While your ancestors were eating acorns in the forest, mine were building palaces.
You may initially be rather appalled at the controversial subject of this documentary, born to a Vietnamese mother and a father hailing from this region of France, the first place in the world to use the Euro, and you may end your viewing no more sympathetic to his causes. Yet he couldn’t care less. The agenda that makes Vergès get up in the morning is the freedom of anticolonialist fighters and political radicals who, in his estimation, have not been given a fair shake. As an attorney of some of the more notorious political criminals in recent memory, his record continues unblemished. “I have had clients, friends, who were sentenced to death. Several dozen. Not one of them was executed.”
Vergès’s subsequent tears are hardly reptilian: he often believes in those people he chooses to defend even more strongly than they do in themselves (he even married one of them). As a twin, a half-Asian, a converted Muslim, a former soldier, a staunch anticolonialist, and an intellectual all in one busy and enigmatic person, Vergès’s mission in life is to support the unsupportable and defend the indefensible. The consequences of his actions are, however, well beyond what his vacillating ideals might imagine.
Although ostensibly a documentary, Terror’s Advocate is nothing like the biopics to which we have grown accustomed. We meet people from Vergès’s past and present who praise him, often anecdotally, but cannot agree on who or what he is. That his ethnicity, place of birth, and physical distance growing up away from Europe made him favor the politically disenfranchised is obvious. His compassion, while present, ebbs and flows in limited quantities; to him, the essence is the principle of the matter. The right to self-determination, a right that we are coming to understand as vital (albeit under the aphoristic caveat of giving someone a rope and letting him fashion his own particular knot), is what each person and nation state wants. In this way, Vergès is hopelessly modern, in love with the concept of defending those whom others detest and provoking those upon whom society can do nothing but smile. One of his alleged contributions to legal proceedings, for example, rejects the entire system as a sham and the terms used as relative to the oppressor and oppressed. Upon the independence of this country on July 3, 1962, Verges founded a publication that inspired the last novel of a well-known American writer. As his list of headline-making clients continues, Vergès becomes more steeped in the ways of the world, choosing his parties with an attenuated plan at hand. Now especially involved in Middle Eastern and African affairs, he also becomes a moving target for the Israeli secret service. And then, on the eve of expensive attempts to free this leader, he vanishes completely for eight years.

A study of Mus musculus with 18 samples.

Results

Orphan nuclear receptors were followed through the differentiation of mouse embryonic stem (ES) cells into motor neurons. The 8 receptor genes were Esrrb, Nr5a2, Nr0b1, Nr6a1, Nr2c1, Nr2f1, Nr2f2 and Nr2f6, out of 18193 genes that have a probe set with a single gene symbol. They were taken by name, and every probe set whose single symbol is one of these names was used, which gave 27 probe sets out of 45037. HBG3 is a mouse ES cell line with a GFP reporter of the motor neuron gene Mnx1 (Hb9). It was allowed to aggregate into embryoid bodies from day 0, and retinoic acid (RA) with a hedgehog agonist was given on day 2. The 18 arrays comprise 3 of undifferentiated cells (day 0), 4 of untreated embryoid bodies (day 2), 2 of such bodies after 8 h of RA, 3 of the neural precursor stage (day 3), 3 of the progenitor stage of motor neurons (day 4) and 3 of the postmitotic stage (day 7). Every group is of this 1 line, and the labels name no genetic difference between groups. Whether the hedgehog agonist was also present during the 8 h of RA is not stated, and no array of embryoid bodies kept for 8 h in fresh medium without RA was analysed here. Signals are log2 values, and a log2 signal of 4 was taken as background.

What he does in those years apart from write a book called Agenda (Simoen, Paris, 1978, although hardly mentioned online) is left open to debate. Some of his acquaintances claim to have spotted him in Paris, and finally he admits that he did spend some time in his adopted hometown. But he was also traveling to some of the farthest reaches of Asia, from which he finally returned in 1978, “thin, tanned, with a hardened expression,” as well as utterly penniless. Has he been in touch with his wife and children? A French journalist compares his Algerian wife, the Pasionaria of the FLN, to this member of the Résistance, who in no small irony is believed to have been murdered by Vergès’s most infamous client. Surely, it is suggested, a woman of such strength would not tolerate such negligence. So Vergès starts again, now mostly bereft of his political leanings, empathizing with the perpetrators of another violent attack in Paris itself.
And this is where, about halfway through, the film changes from biography to newsreel, and where we become painfully aware of the worldwide interconnections among revolutionary cells which have abandoned their political principles for power and gain. Suddenly it is no longer about Jacques, but about the house he built. The knowledge that a powerful French intellectual would succor their cause did not lead terrorists to do anything they wouldn’t have done alone, but it did tell them that, on one front at least, they were winning. The world was scared of their crimes, scared for its children, scared for a future of random violence against civilians designed to show how effete and indifferent their governments really were. Is that the goal of insurrectionists? Wasn’t it once the last resort of oppressed peoples to rage against their overlords? But violent, politically-driven nonconformity is as sellable and hollow as the material inequalities it despises. Just don’t tell Jacques Vergès.
*Note: Jacques Vergès died on August 15, 2013, at the age of 88, in Paris.